I’m back with another book review, and this time I’m reviewing “Carrot Cake Murder” by Joanne Fluke! I’ve read many of Fluke’s books from this series before, and I either enjoyed or despised them. Here’s a quick summary so we know what the book is about:
“Between baking up a storm for The Cookie Jar and unravelling the mystery of her cat Moishe’s recent strange behaviour, Hannah Swensen has a lot on her plate. But she’ll always make time for her business partner, Lisa, who’s in the midst of preparing for a big family reunion. Everyone is delighted when Lisa’s long-lost uncle makes a surprise appearance. No one has heard from Gus in twenty-five years – and his arrival has everyone buzzing with excitement.
Uncle Gus is immediately the hit of the reunion, telling tales of his great success and flashing money for all to see. He’s almost as popular as Hannah’s scrumptious carrot cake, which is also Gus’ favourite dessert. But the next morning, as the whole family gathers for the group photo, one person is missing. Hannah offers to track down Uncle Gus, but her search leads to a shocking find. Over by the bar at the pavilion, she spots two slices of her infamous carrot cake, frosting-side down on the floor – and Gus’ corpse with an ice pick jutting out of his chest! A little snooping reveals that not everyone was celebrating Gus’ return. And when Hannah unearths more secrets from Gus’ past, she discovers even more people with an axe to grind. Now Hannah’s got to sift through a long list of suspects to find a killer – even if it could mean a recipe for her own demise…”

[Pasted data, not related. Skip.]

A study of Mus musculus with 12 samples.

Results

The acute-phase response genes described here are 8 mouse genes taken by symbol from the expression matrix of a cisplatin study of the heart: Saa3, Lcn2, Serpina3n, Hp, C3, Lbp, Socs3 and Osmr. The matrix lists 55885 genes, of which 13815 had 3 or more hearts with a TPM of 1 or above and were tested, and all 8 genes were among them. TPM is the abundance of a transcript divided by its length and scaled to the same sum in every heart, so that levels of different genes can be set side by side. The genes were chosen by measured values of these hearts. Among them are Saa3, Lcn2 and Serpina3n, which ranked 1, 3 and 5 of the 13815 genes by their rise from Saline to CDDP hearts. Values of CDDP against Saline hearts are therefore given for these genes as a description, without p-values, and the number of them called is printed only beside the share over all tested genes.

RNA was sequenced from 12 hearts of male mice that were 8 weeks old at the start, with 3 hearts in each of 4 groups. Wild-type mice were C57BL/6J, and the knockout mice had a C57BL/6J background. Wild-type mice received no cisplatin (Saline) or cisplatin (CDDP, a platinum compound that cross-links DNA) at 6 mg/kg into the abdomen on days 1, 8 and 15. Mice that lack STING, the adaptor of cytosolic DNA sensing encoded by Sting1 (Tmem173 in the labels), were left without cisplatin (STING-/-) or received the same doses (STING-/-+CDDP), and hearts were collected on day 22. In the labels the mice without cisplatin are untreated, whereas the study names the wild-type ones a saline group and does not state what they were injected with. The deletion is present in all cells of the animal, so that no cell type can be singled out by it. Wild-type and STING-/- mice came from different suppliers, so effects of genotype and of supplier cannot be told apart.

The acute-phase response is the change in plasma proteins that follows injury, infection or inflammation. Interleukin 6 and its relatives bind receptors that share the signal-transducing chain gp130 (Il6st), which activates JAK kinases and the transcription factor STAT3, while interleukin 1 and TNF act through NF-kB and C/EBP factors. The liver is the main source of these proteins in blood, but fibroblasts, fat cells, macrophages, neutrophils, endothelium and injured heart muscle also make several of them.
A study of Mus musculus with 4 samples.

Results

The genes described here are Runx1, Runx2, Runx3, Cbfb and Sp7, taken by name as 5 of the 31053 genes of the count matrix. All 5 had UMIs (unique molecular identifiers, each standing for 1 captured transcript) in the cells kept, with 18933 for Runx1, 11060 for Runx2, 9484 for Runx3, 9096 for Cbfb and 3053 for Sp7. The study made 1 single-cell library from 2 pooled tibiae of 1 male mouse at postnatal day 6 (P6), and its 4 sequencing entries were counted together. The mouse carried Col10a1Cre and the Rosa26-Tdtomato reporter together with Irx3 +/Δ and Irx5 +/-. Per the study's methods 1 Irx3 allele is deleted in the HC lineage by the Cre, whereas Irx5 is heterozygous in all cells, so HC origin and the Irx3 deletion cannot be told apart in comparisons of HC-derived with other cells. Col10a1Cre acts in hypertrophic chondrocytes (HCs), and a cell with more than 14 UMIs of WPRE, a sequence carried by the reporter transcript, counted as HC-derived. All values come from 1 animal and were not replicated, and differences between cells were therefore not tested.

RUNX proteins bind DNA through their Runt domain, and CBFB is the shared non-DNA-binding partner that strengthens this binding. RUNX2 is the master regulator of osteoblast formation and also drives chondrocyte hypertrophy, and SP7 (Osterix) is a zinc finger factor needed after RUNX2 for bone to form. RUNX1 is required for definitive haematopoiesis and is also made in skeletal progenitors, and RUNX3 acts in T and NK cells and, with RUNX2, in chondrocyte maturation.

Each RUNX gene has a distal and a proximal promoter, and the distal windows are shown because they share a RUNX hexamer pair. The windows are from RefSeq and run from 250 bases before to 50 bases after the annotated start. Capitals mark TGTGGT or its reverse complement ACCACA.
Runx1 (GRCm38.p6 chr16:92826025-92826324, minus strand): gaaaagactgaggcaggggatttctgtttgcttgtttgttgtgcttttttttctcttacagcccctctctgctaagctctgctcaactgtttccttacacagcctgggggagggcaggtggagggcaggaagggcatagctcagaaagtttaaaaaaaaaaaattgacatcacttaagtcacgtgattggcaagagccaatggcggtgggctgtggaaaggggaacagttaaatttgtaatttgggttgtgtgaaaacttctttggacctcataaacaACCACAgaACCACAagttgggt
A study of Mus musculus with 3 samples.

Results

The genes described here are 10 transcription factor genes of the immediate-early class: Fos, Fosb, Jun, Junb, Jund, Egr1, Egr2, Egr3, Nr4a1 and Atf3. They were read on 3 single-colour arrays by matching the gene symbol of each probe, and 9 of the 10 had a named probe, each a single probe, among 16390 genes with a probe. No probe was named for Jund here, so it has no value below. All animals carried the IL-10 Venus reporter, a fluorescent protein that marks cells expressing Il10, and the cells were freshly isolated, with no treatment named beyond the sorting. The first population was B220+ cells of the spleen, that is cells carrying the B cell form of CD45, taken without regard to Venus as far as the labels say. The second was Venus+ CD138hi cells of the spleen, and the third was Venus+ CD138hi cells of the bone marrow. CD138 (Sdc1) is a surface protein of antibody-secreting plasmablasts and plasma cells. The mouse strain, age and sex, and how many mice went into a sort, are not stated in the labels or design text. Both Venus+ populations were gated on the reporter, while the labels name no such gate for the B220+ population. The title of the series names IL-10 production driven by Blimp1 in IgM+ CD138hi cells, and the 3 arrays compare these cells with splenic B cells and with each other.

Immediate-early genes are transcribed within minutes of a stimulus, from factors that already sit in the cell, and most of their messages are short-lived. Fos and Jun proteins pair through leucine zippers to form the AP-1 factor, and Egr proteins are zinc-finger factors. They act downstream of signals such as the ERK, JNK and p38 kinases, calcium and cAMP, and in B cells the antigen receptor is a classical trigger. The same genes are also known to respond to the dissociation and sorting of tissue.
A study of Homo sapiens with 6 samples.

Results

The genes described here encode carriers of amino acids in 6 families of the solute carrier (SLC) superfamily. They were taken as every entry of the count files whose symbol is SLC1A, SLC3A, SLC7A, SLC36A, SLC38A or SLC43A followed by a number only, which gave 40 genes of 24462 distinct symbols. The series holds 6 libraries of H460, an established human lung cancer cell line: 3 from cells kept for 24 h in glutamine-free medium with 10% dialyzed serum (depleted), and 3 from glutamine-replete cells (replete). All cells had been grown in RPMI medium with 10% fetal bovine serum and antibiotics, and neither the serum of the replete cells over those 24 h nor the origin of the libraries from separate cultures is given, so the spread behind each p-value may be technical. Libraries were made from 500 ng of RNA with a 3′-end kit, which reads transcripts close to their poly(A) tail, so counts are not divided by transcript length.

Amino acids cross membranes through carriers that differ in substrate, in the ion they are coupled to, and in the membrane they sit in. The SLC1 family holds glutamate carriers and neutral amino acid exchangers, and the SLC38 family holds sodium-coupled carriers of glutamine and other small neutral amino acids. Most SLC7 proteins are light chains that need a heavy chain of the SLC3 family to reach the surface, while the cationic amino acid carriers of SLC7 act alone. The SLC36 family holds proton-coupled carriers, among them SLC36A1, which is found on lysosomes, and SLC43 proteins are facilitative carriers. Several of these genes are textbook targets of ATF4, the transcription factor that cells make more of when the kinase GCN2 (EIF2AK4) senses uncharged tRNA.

Plot Development: 1 out of 5 stars
The pacing of investigating the mystery was incredibly slow. I think many aspects of the investigation, such as tracking witnesses and other associated people in the case, could be easily shortened.
The story also spent too much time involving everyone talking about Gus. I know his past was a big factor in solving the mystery and narrowing down possible suspects, but I think much of it could be more easily summarized and made less confusing. I also felt that there were many scenes that were supposed to be tense, but then were spoiled by characters constantly asking each other for recipes or eating tons of food. This may be a cozy mystery book filled with recipes, but most of the scenes didn’t require people needing to eat (save for having quick meals or the family reunion meal as exceptions).
Character Development: 1.5 out of 5 stars
Gus is probably one of the least sympathetic murder victims in this entire series. The book spends about one-third of the book going into detail about his past, and he had the most development despite being the murder victim. As a reader, I got to see exactly how terrible he was from childhood to death. Though I appreciated seeing how bad he was and how he was connected to the main situation and such, it felt like he was given too much development for someone that was killed off.
I also appreciated the character development given to Norman, one of Hannah’s love interests. Some of his past is revealed as well, and I liked that it showed that even though he’s a nice guy now, he wasn’t always perfect—and that makes him more endearing to read.
However, many other characters fell flat and made me care little for them. The only thing they had as part of their development were family connections to Gus, previous other relationships (such as Delores, Hannah’s mother, being Gus’ ex-girlfriend), and so on.
Overall, I’m rating this book 1.5 out of 5 stars!
This is one of Fluke’s weakest works in the series, in my opinion, and I would not recommend reading this one in the series.